Published: Sunday, August 26, 2001

Updated: Wednesday, July 25, 2012 20:07

AUSTIN (AP) — A Houston-area boy who had been swimming in a Central Texas lake has become the third child fatality from a rare form of meningitis in the past month.

The 9-year-old boy died Sunday after skiing and swimming in Lake Travis near Austin the previous weekend, according to state health officials.

The victim had been with his family during the Aug. 11 weekend at Lake Travis. The lake was the last body of water the boy swam in before he died, health officials said.

Officials did not know what part of the lake the family visited. They declined to identify the boy, citing medical confidentiality.

Lower Colorado River Authority officials said they were aware of no previous cases involving the lake, northwest of Austin.

“Lake Travis is a very unlikely source of infection in general because the organism is usually found in more shallow water where the water is standing,” Dr. Steven Harris of the Austin- Travis County Health Department told the Austin American- Statesman in Tuesday’s editions.

Earlier this month, a Tyler-area girl died after swimming in Lake Hawkins and Lake Palestine near Tyler. A Dallas-area boy died after swimming in Cedar Creek Lake southeast of Dallas.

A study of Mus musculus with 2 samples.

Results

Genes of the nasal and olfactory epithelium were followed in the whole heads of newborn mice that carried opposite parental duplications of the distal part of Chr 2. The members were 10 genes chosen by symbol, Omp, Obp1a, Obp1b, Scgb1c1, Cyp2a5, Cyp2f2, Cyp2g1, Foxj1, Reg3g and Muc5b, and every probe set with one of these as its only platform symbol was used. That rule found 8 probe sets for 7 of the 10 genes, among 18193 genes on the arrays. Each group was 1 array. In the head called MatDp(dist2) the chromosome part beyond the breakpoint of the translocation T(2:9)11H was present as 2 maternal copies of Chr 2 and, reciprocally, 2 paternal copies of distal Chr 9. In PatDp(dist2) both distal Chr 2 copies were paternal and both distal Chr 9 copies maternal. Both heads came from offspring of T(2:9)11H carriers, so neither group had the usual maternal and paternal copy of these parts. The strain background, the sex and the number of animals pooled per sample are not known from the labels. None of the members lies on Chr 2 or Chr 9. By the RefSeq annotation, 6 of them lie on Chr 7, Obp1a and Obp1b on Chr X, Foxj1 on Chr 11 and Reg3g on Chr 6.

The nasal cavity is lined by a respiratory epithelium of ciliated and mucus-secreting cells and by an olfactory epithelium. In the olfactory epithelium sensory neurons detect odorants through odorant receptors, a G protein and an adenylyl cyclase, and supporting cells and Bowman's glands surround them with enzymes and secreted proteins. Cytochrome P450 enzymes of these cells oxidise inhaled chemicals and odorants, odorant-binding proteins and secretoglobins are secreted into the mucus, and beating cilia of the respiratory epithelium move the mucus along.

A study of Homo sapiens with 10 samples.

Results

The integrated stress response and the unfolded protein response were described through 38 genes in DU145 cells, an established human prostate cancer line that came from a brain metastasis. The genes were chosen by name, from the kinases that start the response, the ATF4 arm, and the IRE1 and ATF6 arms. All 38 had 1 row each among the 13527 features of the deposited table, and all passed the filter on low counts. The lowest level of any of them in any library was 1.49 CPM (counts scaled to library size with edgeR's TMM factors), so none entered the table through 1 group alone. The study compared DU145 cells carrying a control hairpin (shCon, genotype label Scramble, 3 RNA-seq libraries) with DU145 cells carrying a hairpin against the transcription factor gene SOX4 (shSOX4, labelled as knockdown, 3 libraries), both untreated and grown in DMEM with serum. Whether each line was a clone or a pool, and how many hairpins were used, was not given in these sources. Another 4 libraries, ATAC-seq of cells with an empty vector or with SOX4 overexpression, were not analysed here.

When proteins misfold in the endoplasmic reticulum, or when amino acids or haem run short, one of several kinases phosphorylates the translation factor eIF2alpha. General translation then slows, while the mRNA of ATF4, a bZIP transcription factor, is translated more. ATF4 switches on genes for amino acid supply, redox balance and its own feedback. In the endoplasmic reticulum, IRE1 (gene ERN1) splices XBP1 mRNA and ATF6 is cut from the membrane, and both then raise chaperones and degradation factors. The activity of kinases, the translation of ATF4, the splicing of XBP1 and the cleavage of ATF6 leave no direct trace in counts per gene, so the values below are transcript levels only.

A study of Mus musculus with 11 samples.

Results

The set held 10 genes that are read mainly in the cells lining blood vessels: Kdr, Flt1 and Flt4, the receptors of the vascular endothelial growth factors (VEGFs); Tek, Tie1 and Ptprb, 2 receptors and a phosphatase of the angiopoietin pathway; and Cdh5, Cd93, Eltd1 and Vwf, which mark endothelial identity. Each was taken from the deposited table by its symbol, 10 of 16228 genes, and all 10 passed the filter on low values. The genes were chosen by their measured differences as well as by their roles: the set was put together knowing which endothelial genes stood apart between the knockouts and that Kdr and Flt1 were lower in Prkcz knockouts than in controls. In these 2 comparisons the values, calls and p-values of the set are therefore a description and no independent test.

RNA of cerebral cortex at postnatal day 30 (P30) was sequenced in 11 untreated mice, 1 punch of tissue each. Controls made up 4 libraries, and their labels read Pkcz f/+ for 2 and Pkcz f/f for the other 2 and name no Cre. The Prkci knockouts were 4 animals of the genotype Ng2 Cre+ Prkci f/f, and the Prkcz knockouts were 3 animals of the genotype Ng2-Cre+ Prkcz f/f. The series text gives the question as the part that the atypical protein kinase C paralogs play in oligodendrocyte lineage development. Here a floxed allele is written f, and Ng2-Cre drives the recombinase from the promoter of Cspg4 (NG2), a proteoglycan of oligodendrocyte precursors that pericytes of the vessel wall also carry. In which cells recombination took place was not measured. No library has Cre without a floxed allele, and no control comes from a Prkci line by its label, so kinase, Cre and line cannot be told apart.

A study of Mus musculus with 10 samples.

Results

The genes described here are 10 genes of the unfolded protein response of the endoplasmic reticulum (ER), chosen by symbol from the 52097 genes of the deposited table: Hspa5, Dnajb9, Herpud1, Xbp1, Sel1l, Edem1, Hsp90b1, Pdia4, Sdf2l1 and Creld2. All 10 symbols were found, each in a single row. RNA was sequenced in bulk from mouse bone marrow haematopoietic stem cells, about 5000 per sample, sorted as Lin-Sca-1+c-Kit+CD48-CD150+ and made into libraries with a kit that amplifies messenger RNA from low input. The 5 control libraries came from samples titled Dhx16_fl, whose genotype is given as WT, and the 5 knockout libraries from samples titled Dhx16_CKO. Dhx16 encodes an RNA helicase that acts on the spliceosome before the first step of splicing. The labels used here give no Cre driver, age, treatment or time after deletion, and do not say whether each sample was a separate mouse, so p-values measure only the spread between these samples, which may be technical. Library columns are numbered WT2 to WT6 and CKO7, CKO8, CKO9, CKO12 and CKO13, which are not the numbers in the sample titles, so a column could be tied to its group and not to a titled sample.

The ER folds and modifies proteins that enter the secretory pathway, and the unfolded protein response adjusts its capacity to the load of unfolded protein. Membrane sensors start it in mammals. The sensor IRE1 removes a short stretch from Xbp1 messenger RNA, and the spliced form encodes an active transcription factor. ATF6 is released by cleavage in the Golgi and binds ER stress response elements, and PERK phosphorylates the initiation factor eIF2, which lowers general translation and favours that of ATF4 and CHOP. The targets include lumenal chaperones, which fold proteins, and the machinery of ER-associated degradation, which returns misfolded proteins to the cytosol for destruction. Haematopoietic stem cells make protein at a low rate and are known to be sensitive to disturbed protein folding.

All the victims died from primary amoebic meningoencephalitis, which is caused by a common amoeba found in almost all untreated surface water and in soil, health officials said.

State health officials continued Monday to warn people about activities in lakes, rivers, stock ponds and bodies of stagnant water.

But a Texas Department of Health report states the probability of becoming infected is less than 1 in 100 million.

The last time anyone died from the disease after swimming in Travis County was in 1980, when a 23-year-old woman contracted it in Lake Austin, said Neil Pascoe, a nurse epidemiologist with the Texas Department of Health.

Infection is believed to occur when the water containing the microorganism is forced into the nasal passages, usually when diving or jumping into the water or skiing, and the amoeba then enters the brain and spinal cord.

Symptoms include severe headaches, high fever, stiff neck, nausea, vomiting, seizures and hallucinations. The disease is almost always fatal.